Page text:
General Motors announced today that it will reach its goal of getting all of the energy used at its U.S. facilities from renewable sources by 2025. That’s a full 25 years ahead of the schedule it set for itself in 2016.
Although GM initially set itself the goal of powering all of its plants and offices with renewable energy by 2050, it has since accelerated that plan. As access to green power has increased, the company moved the goal forward. It is still, however, ahead of its accelerated goal by five years.
As a result of finalizing the energy sourcing agreements required to secure 100 percent of the energy needed to power all of its U.S. facilities by 2025, the automaker expects to avoid the production of 1 million metric tons of carbon emissions that would have been emitted between 2025 and 2030. That’s equal to burning 1 billion pounds of coal.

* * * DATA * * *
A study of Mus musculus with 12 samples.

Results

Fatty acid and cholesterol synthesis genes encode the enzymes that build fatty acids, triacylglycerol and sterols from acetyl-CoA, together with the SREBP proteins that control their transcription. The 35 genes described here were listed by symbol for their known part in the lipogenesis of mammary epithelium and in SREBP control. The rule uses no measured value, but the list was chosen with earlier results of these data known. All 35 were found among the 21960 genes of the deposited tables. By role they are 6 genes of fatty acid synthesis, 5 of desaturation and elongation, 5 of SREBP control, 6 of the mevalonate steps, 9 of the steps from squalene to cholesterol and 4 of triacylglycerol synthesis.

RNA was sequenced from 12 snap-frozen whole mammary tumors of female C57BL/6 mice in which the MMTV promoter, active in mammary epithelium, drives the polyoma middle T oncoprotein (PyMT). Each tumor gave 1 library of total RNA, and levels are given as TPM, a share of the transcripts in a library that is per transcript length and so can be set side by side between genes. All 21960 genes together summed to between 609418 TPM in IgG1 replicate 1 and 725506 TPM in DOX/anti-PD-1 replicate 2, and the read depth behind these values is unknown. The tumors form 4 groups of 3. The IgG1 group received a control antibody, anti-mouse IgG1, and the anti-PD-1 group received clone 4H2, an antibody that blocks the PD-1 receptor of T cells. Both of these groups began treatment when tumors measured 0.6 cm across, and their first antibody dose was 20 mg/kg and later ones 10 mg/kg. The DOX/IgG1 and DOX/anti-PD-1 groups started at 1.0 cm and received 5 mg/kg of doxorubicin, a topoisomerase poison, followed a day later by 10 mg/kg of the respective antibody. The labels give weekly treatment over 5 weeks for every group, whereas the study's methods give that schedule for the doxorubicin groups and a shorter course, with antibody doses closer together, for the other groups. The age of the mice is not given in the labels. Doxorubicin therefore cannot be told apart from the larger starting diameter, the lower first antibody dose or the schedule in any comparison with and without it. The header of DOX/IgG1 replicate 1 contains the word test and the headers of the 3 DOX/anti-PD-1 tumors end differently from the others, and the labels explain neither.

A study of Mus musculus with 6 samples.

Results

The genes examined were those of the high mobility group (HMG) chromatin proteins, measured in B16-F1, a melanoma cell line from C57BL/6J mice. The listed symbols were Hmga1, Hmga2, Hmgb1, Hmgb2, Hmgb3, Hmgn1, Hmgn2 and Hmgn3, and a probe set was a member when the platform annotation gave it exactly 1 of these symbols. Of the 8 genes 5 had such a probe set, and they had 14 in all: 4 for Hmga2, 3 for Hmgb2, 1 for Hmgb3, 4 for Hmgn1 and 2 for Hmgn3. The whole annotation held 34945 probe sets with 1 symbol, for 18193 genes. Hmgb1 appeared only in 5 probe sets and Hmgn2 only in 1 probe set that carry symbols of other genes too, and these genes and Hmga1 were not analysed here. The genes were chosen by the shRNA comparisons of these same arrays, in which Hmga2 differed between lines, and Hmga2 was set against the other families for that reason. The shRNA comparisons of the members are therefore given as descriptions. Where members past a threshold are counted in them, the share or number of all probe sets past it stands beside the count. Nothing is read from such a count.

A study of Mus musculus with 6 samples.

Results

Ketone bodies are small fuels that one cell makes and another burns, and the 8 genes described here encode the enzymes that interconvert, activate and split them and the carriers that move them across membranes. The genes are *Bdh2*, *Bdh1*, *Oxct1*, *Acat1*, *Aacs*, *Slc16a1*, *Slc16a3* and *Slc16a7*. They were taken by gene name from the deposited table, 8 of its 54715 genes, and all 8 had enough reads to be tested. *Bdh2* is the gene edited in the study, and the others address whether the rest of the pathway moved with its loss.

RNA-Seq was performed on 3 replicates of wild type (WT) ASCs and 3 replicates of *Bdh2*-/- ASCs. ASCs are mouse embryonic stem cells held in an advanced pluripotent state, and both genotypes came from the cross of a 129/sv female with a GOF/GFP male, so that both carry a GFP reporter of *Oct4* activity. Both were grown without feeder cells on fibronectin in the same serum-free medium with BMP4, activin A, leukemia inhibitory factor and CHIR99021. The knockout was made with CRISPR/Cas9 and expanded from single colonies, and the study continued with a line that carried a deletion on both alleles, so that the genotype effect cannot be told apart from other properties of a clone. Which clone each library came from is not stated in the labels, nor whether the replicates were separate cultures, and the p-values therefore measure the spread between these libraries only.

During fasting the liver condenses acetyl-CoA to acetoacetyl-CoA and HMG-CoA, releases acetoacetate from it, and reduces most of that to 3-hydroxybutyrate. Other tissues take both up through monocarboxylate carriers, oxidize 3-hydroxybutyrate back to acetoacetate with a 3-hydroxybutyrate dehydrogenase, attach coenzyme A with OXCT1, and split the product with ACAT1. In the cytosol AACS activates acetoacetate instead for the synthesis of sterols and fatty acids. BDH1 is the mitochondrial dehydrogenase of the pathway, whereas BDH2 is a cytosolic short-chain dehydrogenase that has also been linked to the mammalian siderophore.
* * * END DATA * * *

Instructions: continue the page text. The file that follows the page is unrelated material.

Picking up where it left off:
The automaker says that its decarbonization plans rely on four pillars: increasing efficiency, sourcing renewable energy, addressing intermittency (finding ways to store energy for when it is harder to get through the grid), and policy advocacy.
It also became one of the founding member of the Clean Energy Buyers Association in 2019. The organization is the largest group of corporate renewable energy buyers in the U.S. and brings companies together to source cost-effective renewable energy.
“We believe it is critical — to ourselves, to our customers and to the future of the planet — to step up our efforts and reach ambitious targets that move us closer to a more sustainable world,” says Kristen Siemen, GM chief sustainability officer. “Securing the renewable energy we need to achieve our goal demonstrates tangible progress in reducing our emissions in all aspects of our business, ultimately moving us closer to our vision of a future with zero emissions.”